Opponents of the Biden administration’s reinvigoration on antitrust enforcement claim that applying antitrust law will lead to a slowdown in economic growth. For example, Larry Summers, who served in the Reagan Council of Economic Advisers and the Obama National Economic Council, tweeted that “hipster Brandeisian antitrust, with which the Admin and its appointees flirt, is more likely to raise than lower prices” and “lead to reduced supply.” He also tweeted, “Brandeisian populist antitrust policy will make the U.S. economy more inflationary and less resilient,” and “may reduce efficiency.”

Is stringent antitrust enforcement bad for the economy? To answer this, I gathered economic growth data from 1948 (the earliest available) to the present. I mark the cutoff date as 1980, with the embrace of the consumer welfare standard (CWS) under the Reagan administration, which marked the end of vigorous antitrust enforcement.


The red line in the attached chart shows real GDP growth in each year before 1980, before the adoption of the CWS standard. The blue line shows real GDP growth from 1980 onward, as the CWS standard was embraced by subsequent administrations, including Democratic ones.

The red dashed line is the average real GDP growth in the pre-CWS era, equal to 3.86 percent. The blue dashed line shows the average real GDP growth in the post-CWS era, which is 2.56 percent. The difference in the two means is economically significant (over 1 percentage point of growth) and is statistically significant at the 5 percent level.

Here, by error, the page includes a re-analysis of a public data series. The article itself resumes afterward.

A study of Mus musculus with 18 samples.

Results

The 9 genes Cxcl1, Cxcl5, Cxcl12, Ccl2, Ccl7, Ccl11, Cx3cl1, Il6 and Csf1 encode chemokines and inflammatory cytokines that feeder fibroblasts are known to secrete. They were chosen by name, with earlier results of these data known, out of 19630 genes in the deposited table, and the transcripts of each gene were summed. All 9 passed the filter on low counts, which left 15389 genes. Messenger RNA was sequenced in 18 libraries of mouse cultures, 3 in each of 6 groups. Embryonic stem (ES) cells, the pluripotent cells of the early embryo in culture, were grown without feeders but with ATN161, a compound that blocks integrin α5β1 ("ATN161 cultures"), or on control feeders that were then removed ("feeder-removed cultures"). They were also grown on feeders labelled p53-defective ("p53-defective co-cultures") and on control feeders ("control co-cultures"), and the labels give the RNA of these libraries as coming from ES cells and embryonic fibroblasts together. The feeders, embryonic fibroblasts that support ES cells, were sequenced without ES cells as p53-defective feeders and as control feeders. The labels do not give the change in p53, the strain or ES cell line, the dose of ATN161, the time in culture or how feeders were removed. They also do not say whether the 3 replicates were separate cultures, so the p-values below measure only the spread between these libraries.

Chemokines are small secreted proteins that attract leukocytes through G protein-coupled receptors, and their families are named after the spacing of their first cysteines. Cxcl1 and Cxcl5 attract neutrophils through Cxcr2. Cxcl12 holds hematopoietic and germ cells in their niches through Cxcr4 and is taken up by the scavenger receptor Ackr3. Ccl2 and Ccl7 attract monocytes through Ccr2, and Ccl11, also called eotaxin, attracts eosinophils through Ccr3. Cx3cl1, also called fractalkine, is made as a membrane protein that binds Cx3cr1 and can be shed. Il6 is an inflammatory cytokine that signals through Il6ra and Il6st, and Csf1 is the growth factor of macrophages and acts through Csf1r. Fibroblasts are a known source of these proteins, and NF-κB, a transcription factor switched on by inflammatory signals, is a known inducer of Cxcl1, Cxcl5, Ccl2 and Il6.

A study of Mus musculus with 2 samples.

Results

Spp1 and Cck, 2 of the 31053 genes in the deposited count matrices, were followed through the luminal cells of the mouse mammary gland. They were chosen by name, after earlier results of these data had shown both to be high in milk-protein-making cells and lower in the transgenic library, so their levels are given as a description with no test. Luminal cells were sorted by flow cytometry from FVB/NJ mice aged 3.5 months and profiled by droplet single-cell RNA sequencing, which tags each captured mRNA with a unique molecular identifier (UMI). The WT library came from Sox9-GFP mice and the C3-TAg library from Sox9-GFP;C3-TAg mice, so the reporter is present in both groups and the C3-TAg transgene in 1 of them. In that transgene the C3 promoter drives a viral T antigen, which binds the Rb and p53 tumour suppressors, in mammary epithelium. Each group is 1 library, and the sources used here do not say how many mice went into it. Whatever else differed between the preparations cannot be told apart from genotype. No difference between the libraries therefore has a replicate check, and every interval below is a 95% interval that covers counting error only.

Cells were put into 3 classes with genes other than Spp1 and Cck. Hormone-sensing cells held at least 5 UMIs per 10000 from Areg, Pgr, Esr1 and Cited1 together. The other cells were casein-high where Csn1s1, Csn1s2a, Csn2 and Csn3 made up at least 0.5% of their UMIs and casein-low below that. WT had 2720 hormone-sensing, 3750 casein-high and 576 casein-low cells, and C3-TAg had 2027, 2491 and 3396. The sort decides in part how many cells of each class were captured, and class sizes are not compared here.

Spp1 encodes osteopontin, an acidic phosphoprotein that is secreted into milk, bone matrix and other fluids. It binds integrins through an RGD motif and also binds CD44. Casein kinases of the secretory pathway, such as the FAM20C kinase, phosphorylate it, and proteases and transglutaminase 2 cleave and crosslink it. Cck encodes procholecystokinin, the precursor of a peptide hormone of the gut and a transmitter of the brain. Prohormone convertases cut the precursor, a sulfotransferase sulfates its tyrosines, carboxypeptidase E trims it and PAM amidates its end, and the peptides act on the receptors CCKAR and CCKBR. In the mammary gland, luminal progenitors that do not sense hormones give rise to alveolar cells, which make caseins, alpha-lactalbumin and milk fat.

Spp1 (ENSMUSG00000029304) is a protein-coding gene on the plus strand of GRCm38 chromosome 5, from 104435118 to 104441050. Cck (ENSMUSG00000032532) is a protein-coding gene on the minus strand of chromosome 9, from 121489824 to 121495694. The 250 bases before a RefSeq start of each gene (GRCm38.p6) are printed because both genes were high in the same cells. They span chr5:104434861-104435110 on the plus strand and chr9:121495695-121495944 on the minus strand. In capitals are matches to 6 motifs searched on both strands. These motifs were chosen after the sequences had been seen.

Clearly, myriad factors affect real GDP growth. And adoption of the CWS standard may not have been directly responsible for the decline in average real GDP growth since 1980. But it is disingenuous for defenders of the antitrust status quo such as Summers to claim that abandonment of CWS will result in a parade of horribles for the economy. Economists (including myself) have shown that both labor productivity and total factor productivity declined significantly with adopting the CWS. We have noted that greater antitrust enforcement could stimulate economic growth, particularly to protect workers. As income shifts toward workers and away from capital, each dollar of revenue generated at a firm is attached to a higher multiplier effect, leading to faster growth. Economic theory and empirical analysis suggest that embracing a more vigorous antitrust policy could benefit the U.S. economy.